Ok, 24 hours in and we have a winner.  The most comprehensive and correct / first in (20 minutes) answer was from Egerton Yorrick Davis IV (I wonder what happened to the first 3 EYDs?)  His answer went right to the red heart of the problem and picked up the diagnostic pitfalls en route.  Here it is:

“Most 40y old women will have gallstones – it is easy to get entrapped by this diagnosis as a cause of epigastric pain.
Dyspepsia + anemia = upper GI bleed until proven otherwise – but penicious anemia or gastritis with parietal cell depletion and intrinsic factor deficiency leading to VitB12 is in the DDX.
Depression is also common – but can be a feature of anemia, or even B12 deficiency.
When she has her op she may have got nitrous oxide as part of her anesthetic – which could exacerbate B12 deficiency – and was probably fasted +/- eating a low B12 diet (meat, eggs, milk)
Neurological symptoms (including paraestheiae) are the other component of the triad for B12 deficiency.
EYD IV”

If you want to see more on Subacute Combined cord degeneration – check out this link(Neurology, Neurosurgery and Psychiarty 1998) which was sent in by Minh Le Cong as part of his answer (too slow sorry Minh).

Great answers though, thanks for the input.  Casey

Comments

  1. toby thomas says:

    Too clever for me. It’s been a long time since I was in theatres but isn’t nitrous oxide avoided in Lap chole’s as it can accumulates in the pneumoperitoneum and its flammable? (ie can go boom)

  2. Casey Parker says:

    Hi Toby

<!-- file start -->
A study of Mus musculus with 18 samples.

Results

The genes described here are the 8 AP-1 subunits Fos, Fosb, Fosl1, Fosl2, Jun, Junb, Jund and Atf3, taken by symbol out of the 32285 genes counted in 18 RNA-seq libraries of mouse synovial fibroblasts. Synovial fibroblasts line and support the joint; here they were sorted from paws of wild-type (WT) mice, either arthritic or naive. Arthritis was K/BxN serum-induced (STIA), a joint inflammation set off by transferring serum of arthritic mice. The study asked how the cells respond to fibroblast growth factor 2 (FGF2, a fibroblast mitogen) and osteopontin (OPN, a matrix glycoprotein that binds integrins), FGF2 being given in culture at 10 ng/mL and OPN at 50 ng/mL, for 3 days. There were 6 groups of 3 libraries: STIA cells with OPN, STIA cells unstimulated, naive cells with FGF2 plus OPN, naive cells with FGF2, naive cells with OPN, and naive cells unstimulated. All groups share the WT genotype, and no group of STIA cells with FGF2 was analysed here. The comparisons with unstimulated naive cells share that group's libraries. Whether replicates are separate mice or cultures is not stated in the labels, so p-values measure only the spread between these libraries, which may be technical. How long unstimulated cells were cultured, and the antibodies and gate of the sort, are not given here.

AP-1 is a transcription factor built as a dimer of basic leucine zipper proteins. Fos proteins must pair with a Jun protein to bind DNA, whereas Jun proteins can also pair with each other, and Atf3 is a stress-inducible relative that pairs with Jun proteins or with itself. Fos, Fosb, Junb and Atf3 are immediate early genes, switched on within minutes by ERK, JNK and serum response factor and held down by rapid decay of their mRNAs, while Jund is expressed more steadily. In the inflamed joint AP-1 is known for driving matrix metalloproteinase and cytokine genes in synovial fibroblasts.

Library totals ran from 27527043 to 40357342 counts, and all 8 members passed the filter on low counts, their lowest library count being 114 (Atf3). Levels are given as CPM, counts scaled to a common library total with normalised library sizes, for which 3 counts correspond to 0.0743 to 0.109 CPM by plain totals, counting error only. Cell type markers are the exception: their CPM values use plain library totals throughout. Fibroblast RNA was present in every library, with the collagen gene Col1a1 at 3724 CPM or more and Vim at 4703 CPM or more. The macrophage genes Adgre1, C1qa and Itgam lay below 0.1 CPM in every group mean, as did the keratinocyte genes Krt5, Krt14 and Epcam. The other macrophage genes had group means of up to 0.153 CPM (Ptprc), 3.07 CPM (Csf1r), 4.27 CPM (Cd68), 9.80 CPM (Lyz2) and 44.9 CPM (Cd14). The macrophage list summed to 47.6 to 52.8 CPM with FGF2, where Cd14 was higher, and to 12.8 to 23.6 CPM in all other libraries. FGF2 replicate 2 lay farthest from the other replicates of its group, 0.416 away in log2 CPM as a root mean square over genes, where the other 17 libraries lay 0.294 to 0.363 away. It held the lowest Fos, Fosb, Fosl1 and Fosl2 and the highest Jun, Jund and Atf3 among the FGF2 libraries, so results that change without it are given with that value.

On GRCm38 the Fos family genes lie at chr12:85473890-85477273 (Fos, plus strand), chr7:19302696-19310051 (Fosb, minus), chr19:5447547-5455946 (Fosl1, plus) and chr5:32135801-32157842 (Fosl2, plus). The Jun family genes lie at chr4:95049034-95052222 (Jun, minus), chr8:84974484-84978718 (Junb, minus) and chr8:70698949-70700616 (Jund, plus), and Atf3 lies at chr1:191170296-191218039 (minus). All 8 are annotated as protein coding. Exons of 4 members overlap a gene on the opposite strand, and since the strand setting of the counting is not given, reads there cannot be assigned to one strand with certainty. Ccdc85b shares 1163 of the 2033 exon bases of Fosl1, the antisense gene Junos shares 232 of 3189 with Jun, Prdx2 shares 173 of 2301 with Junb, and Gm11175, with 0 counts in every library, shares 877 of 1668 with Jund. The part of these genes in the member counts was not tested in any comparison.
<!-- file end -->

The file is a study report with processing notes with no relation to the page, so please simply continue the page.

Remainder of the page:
N2O is not contraindicated for laparoscopic work, but true – it is not often used – mainly as it is vomit-inducing. It is not flammable though.
    It is avoided in surgery with entrapped air spaces or where small air flow can be problematic – especially ENT ear surgery
    Casey

    • toby thomas says:

      I had a vague memory of a paper by some french guys who did laprascopic surgery of pigs, introduced Nitrous oxide into the breathing cirucuit and they exploded. (mmm, bacon) But as is so often the case I was wrong. What they actually found was that during prolonged laparoscopy, nitorous oxide can diffuse into the peritoneum and mix with carbon dioxide reaching levels of 29% or above which they state “may be sufficient to support combustion” with sparking from the cautery device.

      As much as I like pigs, I prefer my version.

      Nitrous Oxide Fraction in the Carbon Dioxide Pneumoperitoneum During Laparoscopy Under General Inhaled Anesthesia in Pigs

  3. minh le cong says:

    are you, Tim, Jonathan or anyone still using nitrous during GAs?

  4. Michael Toolis says:

    Wow that is slick.

  5. Minh asks re: nitrous oxide

    Yeah, I’ll admit to a guilty little secret – I like nitrous oxide! Great for kids, dental, labour. And I will do a few simple cases on it.

    ENIGMA had some methodological flaws (not least different FiO2s between groups). If I recall, the main outcome measure was duration of hospital stay – and no difference between N2O and non-N2O.

    I await ENIGMA II with interest.

    But I am a medical dinosaur.

    • Minh Le Cong says:

      I agree Tim. Nitrous is great for procedures in the ED. Last night I lost count of the number of plasters I put on kids using nitrous !

      My question is more about whether rural GPAs are still using nitrous in theatre for GAs…since ENIGMA.